Saturday, September 16, 2017

Stuck (Oliver Jeffers)


Recently, I listened to a podcast by Gretchen Reuben called Happier. She loves children's literature and encouraged everyone to take some time to read some of this genre. This book is a great example of why adults should read picture books.  When I read this it made me want to sit and think about all the different want the book could be used.  I think it could be a great analogy for many RS or SS lessons. It is a great analogy for habits and problem solving. It would also be fun to hear what kids think the lesson in this book is.

I often read other people's comments on Goodreads about curious books like this. I especially loved this: 

Strangely the day after reading I picked up the Guardian and there was an article by Jeffers about the debt he owes to Maurice Sendak (that's why the boy in his first picture books has a stripey jumper, an homage to his favourite monster in Where the Wild Things Are) and also how his books are not children's books, but simply picture books. Because as he says I don't believe they are just for children. I have met countless adults that collect picture books for themselves, and they are growing in confidence about openly admitting this in a book-signing queue. It's not for my daughter, or a friend's nephew. It's for me. Exactly.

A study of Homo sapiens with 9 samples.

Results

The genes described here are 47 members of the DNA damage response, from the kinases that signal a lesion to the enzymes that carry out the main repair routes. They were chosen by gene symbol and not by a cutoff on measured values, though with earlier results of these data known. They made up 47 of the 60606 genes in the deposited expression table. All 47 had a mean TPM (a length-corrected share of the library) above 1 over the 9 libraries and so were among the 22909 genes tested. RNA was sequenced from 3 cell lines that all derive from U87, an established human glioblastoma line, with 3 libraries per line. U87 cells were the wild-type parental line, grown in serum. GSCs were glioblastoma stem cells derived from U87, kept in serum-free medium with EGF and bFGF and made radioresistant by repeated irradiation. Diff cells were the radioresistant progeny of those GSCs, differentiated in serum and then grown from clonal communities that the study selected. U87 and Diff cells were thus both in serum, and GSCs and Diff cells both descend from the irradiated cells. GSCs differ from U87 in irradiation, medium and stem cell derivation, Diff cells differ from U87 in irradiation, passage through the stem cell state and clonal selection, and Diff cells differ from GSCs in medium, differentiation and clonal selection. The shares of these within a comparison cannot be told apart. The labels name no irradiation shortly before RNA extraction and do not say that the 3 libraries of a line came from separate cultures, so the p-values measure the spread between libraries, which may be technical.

Goodreads says:

From the illustrator of the #1 smash The Day the Crayons Quitcomes another bestseller--a giggle-inducing tale of everything tossed, thrown, and hurled in order to free a kite!

When Floyd's kite gets stuck in a tree, he's determined to get it out. But how? Well, by knocking it down with his shoe, of course. But strangely enough, it too gets stuck. And the only logical course of action . . . is to throw his other shoe. Only now it's stuck! Surely there must be something he can use to get his kite unstuck. An orangutan? A boat? His front door? Yes, yes, and yes. And that's only the beginning. Stuck is Oliver Jeffers' most absurdly funny story since The Incredible Book-Eating Boy. Childlike in concept and vibrantly illustrated as only Oliver Jeffers could, here is a picture book worth rescuing from any tree.